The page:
Are there theoretical principles that have the power and generality of physics, yet encompass the full complexity and diversity of life’s “most beautiful phenomena” – phenomena such as sounds that cause our eardrums to vibrate by less than the diameter of an atom?
Theoretical physicist William Bialek will explore this question as the 2015 Hans Bethe Lecturer in Physics in a public lecture, “More Perfect than We Imagined: A Physicist's View of Life” Wednesday, March 18, at 7:30 p.m. in Schwartz Auditorium, Rockefeller Hall.
Known for his contributions to the understanding of coding and computation in the brain, Bialek and his collaborators have shown that aspects of brain function can be described as essentially optimal strategies for adapting to the complex dynamics of the world, making the most of available signals in the face of fundamental physical constraints and limitations. He has followed these ideas into early events of embryonic development and processes by which all cells decide when to read information stored in their genes.
Recently, Bialek and his colleagues have shown how the collective states of biological systems – the activity in a network of neurons, or the flight directions in a flock of birds – can be described using ideas from statistical physics, connecting quantitative detail with new experimental data.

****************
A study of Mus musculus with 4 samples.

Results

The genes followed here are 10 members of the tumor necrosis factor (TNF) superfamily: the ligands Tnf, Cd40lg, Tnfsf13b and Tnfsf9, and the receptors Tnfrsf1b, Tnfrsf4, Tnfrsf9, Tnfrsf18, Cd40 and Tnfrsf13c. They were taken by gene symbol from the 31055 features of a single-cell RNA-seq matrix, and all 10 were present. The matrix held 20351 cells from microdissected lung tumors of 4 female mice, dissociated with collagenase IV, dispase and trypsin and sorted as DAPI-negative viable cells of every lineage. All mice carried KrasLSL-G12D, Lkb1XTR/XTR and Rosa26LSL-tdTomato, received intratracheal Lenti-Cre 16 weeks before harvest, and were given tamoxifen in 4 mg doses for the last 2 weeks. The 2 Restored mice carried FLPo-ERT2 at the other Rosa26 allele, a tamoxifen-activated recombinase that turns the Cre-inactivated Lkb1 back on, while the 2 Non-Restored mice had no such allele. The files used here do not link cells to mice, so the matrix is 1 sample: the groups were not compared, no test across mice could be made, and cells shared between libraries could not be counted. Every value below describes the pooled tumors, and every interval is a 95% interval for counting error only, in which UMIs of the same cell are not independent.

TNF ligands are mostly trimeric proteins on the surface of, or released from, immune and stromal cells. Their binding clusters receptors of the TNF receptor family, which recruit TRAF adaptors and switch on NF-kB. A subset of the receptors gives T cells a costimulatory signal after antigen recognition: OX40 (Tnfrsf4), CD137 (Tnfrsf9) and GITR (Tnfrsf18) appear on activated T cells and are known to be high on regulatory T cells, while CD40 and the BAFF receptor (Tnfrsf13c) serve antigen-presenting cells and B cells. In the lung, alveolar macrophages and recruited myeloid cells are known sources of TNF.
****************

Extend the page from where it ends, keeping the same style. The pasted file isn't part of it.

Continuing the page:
Bialek is the John Archibald Wheeler/Battelle Professor in Physics and a member of the multidisciplinary Lewis-Sigler Institute for Integrative Genomics at Princeton University. He also serves as Visiting Presidential Professor of Physics at The Graduate Center of the City University of New York, where he has helped launch the Initiative for the Theoretical Sciences.
He received his doctorate in 1983 in biophysics from the University of California, Berkeley. The author of the textbook “Biophysics: Searching for Principles” (2012), Bialek is a member of the National Academy of Sciences and a fellow of the American Physical Society. He has received the Presidential Award for Distinguished Teaching and the Phi Beta Kappa Prize for undergraduate education at Princeton.
As part of the Hans Bethe Lecture series, Bialek will also present the physics colloquium, “Are Biological Networks Poised at Criticality?” Monday, March 16, at 4 p.m. in Schwartz Auditorium; and a Laboratory of Atomic and Solid State Physics seminar, “Predictive Information and the Problem of Long Time Scales in the Brain,” Tuesday, March 17, at 4 p.m. in 700 Clark Hall.
The Hans Bethe Lectures, established by the Department of Physics and the College of Arts and Sciences, honor Bethe, Cornell professor of physics from 1936 until his death in 2005. Bethe won the Nobel Prize in physics in 1967 for his description of the nuclear processes that power the sun.
Linda B. Glaser is a writer for the College of Arts and Sciences.